Since much of my job involves wandering around the Internet looking for news, I often find off-the-wall things that one might not expect.
I won't share all of this stuff because I don't think limegreengelatinbabes.xxx is really something worth sharing here, even if it ran Unix on its server. But a few recent (and non-fiction) articles got me thinking about what a post-enterprise Unix world might look like.
The key article I stumbled across was on Ars Technica's #open.ended blog, where writer Ryan Paul was examining the various operating systems you could try on the Asus Eee PC, the Ultra Mobile PC (UMPC) Linux or Windows XP notebook device that has been selling like hotcakes in the U.S. consumer market. One of the "alternate" operating systems Paul reported on was OpenSolaris, which has been loaded onto a Eee PC by Sun Microsystems' Rolf Kersten via an external USBdrive.
Again, there are probably not many technical reasons why it couldn't be a new home for OpenSolaris. Sun would likely have to put some official effort into developing a UMPC-ready version of OpenSolaris, and, of course, cut some deals with the OEMsmaking these machines and their cousins, the mobile Internet devices (MIDs). However, since consumer demand for such devices is still pretty high, they might want to.
But OpenSolaris (like Solaris before it) and the other Unix flavors have the label of being a "server" operating system. Want to run high-availability or high-performance apps on a huge server farm? Clearly this is a job for Unix. The thought of a "pure" Unix running on such a small device seems akin to asking Stephen Hawking to help out with your kid's fourth grade math assignment.
This might not be such a laughable prospect in the future because clearly Unix must find someplace to grow.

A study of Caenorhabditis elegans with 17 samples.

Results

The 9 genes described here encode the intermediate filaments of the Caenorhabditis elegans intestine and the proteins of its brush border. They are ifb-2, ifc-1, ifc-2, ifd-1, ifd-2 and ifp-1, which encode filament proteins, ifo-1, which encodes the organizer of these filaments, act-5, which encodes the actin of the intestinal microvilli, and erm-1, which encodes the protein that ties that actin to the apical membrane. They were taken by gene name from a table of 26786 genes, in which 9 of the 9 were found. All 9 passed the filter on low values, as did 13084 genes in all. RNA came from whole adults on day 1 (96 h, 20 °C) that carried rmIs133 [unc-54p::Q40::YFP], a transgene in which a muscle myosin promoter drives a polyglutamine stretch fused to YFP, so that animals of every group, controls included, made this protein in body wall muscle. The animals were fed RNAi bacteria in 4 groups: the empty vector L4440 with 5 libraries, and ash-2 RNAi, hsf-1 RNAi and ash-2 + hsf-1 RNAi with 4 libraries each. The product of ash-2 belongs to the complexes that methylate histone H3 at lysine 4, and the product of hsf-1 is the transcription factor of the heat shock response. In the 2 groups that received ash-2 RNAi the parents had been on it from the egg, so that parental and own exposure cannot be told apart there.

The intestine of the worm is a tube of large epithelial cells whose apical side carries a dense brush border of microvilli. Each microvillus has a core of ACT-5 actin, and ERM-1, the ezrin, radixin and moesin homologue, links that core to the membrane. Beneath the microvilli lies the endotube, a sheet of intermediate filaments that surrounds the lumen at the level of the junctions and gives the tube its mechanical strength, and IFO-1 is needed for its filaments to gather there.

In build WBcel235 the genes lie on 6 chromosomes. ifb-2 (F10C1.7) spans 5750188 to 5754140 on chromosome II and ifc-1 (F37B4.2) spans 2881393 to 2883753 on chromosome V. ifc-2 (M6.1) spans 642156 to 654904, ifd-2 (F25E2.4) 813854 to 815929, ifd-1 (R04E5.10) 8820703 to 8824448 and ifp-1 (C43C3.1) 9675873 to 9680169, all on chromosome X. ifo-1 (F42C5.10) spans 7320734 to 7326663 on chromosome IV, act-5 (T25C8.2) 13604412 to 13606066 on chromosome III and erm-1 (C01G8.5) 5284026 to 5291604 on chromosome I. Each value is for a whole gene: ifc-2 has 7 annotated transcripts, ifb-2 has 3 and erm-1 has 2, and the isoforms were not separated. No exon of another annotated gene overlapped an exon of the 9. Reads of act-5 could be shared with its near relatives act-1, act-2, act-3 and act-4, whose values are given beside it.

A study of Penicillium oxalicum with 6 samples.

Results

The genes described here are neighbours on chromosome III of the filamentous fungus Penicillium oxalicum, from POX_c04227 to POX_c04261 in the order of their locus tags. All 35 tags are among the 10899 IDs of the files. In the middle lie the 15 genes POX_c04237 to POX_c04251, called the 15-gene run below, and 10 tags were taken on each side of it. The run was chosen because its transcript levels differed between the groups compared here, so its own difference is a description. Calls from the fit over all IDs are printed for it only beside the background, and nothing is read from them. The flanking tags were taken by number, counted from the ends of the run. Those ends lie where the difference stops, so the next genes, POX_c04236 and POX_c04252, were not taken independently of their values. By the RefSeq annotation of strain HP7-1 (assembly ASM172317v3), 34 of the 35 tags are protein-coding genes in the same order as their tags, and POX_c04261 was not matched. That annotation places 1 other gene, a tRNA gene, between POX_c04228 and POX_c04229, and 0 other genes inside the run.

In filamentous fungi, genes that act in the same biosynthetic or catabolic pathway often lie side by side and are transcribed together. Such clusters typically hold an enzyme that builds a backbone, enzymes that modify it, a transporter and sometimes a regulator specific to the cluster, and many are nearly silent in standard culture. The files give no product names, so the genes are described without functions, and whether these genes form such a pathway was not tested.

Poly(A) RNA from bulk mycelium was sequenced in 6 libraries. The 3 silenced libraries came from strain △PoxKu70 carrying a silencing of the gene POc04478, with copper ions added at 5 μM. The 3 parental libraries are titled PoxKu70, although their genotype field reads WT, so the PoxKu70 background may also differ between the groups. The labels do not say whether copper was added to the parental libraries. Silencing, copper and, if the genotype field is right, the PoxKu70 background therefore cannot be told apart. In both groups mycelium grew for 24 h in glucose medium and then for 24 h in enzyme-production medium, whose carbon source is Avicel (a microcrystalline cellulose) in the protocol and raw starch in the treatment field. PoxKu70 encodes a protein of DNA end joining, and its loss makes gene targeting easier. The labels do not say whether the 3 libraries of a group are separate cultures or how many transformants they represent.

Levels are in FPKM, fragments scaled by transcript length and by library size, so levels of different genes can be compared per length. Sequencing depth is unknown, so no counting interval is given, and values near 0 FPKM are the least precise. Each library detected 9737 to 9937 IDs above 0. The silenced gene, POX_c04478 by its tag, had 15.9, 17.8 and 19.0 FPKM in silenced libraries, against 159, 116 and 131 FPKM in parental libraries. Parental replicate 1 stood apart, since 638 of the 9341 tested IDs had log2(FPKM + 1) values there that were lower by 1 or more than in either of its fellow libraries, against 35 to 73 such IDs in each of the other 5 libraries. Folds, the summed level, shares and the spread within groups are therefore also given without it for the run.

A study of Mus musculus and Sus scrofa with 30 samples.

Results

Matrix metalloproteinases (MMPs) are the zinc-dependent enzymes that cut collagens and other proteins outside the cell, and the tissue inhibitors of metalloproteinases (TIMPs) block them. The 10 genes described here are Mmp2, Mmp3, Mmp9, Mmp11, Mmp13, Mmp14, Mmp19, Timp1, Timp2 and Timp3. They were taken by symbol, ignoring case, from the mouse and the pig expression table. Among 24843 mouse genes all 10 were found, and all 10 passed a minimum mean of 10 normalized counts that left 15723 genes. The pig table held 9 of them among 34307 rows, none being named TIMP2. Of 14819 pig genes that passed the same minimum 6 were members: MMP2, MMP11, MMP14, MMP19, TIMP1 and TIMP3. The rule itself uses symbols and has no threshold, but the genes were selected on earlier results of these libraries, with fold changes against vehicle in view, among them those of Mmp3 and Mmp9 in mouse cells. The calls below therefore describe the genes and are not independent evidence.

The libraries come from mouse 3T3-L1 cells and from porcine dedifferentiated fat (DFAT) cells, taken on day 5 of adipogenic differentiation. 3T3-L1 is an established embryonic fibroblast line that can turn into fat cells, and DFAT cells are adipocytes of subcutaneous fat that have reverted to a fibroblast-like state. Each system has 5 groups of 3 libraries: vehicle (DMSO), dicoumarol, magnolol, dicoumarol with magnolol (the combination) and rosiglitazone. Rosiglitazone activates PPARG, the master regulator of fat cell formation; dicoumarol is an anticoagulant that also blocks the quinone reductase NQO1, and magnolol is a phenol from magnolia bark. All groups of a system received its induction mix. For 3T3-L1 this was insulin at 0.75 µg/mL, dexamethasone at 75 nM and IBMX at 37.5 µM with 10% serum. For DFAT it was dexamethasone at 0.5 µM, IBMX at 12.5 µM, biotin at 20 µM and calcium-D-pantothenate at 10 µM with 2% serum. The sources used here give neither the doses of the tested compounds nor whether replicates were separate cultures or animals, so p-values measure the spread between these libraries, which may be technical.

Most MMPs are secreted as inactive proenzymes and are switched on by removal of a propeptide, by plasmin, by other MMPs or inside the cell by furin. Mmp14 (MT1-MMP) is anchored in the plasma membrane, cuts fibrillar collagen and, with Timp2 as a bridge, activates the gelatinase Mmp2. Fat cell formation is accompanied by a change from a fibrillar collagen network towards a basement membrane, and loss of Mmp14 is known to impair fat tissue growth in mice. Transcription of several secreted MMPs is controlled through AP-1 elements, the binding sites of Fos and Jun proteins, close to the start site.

The facts are simple: Quarter after quarter, Unix loses server market share to Linux. Established enterprise players no longer are so keen on sticking with non-commodity systems. Or they're looking for a less-expensive option to run their applications. This, coupled with the fact that there are very few large enterprises out there (compared to the millions of smaller companies), means Unix in the enterprise simply has no where to go.
Thus, the need to find someplace new.
I doubt HP-UX or AIX will be running on a handheld electronic device any time in the future. HP and IBM can keep their respective Unix flavors up in the enterprise server space and just use something else to run anything smaller. (IBM announced Tuesday that very thing: Its new Lotus Foundations Start devicefor small businesses will run Linux.) HP's upcoming UMPC will do the same thing.
But Sun may have played it smarter than we thought by opening up Solaris and then, through Project Indiana, making it easier to manage and install. In doing so, Sun may have entered not just the corporate desktop market but possibly this new, emerging mobile market as well.
Maybe one day maybe an OpenAIX or OpenHP-UX will do something similar.
Brian Proffitt is managing editor of JupiterWeb's Linux/Open Source channel, which includes Linux Today, LinuxPlanet, and AllLinuxDevices.
This article was first published on ServerWatch.com.